Plight of mothers

1 May 2017   |   Blog   |   Emergencies   |   Emergency Relief   |   South Sudan

Tags:  South Sudan, famine, food crisis, East Africa, Africa   |   No comments

 Sarah, 18, and her two year-old son Izeil

Eighteen year-old Sarah Kiden is seven months pregnant and lives in a small town called Rajaf West, near Juba. Her son, Izeil Wro, aged two, is malnourished.

“My husband and I are day labourers but at the moment there is no work because of the drought. We have a hard time. We don’t have anything to eat except from what other people give to us. I hope the rains will start soon.”

Mary Wachira, Caritas Project Coordinator Kenya says “It’s quite bad when you don’t have water and don’t have food. It’s quite hard, you wake up in the morning and you don’t know when you’re going to get your next meal. You don’t know where you’re going to get water. So they’re surviving on wild foods. Those who can be able to go to the forest and they can bring them and eat and at least survive for that day so that is how they are.”

We are lucky to be part of the Caritas family because whatever we do whether it be big or small, it goes to the most vulnerable people."
Mary Wachira, Caritas Project Coordinator Kenya

Every mother wants to be able to take care of their children’s basic needs. However, in countries across East Africa, mothers are finding it difficult to provide food, water, shelter, medication and even to send their children to school.

Women and children might walk for weeks in search of food and water. They have lost their livestock, water sources have dried up and they have nothing left to survive on,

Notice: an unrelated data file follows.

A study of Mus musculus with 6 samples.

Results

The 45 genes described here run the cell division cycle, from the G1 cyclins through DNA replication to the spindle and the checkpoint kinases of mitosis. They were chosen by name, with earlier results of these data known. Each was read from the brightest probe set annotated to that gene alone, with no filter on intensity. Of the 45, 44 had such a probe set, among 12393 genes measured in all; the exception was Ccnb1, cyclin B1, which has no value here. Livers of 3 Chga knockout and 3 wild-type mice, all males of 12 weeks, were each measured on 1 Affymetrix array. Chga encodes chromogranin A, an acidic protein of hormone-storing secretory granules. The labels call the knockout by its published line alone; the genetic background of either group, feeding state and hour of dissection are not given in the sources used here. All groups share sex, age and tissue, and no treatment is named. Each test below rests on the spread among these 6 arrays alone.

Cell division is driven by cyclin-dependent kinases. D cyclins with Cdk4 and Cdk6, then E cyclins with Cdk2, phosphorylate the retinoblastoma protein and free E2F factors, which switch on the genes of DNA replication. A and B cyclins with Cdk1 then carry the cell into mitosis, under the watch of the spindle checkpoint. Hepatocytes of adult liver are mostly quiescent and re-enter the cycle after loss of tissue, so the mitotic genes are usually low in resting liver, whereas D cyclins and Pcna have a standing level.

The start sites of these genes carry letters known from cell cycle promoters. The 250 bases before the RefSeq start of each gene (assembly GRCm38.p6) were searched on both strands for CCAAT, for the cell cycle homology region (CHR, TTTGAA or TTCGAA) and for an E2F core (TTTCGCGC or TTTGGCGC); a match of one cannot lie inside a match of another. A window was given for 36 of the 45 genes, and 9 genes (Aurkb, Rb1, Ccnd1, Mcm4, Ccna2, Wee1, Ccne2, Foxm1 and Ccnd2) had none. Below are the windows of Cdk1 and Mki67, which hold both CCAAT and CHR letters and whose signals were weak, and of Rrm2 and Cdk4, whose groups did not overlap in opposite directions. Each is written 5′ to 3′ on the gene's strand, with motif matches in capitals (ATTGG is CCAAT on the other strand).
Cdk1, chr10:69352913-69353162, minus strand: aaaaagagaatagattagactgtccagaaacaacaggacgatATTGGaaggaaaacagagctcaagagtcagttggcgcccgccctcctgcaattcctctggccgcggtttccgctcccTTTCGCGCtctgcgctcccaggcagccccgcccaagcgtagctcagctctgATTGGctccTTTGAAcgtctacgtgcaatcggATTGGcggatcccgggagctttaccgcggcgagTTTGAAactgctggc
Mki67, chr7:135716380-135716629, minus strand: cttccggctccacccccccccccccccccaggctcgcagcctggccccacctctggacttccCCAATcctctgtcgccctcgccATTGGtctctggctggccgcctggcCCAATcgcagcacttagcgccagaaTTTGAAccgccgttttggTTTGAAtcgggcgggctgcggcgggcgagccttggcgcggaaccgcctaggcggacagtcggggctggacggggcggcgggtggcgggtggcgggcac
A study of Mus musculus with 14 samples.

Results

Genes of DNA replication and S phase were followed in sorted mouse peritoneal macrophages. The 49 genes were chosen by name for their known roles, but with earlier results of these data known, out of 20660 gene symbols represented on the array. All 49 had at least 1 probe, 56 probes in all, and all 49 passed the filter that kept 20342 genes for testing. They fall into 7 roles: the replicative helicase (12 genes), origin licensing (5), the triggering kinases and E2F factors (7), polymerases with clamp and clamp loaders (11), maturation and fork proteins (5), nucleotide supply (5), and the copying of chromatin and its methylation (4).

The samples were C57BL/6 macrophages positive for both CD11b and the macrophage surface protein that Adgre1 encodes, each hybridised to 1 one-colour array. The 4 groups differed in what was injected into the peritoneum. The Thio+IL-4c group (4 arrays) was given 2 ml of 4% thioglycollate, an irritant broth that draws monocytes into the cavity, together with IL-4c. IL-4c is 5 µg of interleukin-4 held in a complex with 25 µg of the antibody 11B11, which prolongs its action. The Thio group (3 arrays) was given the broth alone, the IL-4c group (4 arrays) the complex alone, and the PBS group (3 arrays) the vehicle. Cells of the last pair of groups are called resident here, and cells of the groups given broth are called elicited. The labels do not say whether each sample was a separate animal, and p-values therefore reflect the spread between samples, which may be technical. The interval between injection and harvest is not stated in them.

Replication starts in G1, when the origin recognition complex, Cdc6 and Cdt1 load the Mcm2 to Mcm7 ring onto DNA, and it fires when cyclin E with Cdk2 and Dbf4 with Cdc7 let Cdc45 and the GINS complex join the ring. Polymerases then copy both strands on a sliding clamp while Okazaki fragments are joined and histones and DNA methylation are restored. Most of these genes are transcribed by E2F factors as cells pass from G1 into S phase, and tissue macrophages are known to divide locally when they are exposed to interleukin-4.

With livelihoods destroyed or under threat, families can often no longer afford school fees. There is also no food for them to take for lunch.

“Even if your child was going to school, now you can’t go because if they don’t have food, unless there is a feeding program…if you send a child to school on an empty stomach, will they understand anything anyway?” says Mary Wachira, Caritas Project Coordinator Kenya.

“We are lucky to be part of the Caritas family because whatever we do whether it be big or small, it goes to the most vulnerable people. To the children, to the pregnant mothers and the like,”

Mary Wachira says that the Caritas network tries to cover as many places as possible.

“Simply because we work through the Catholic dioceses within their country. That’s why we are able to meet the very basic needs of the people at the grassroots level.”

“We are very grateful for the support that the Australian public have given to the people of South Sudan and they are able to meet their very basic needs and they are able to live a life of dignity,” Mary says.

Donate to our Africa Emergency Appeal to support those affected by the East Africa food crisis.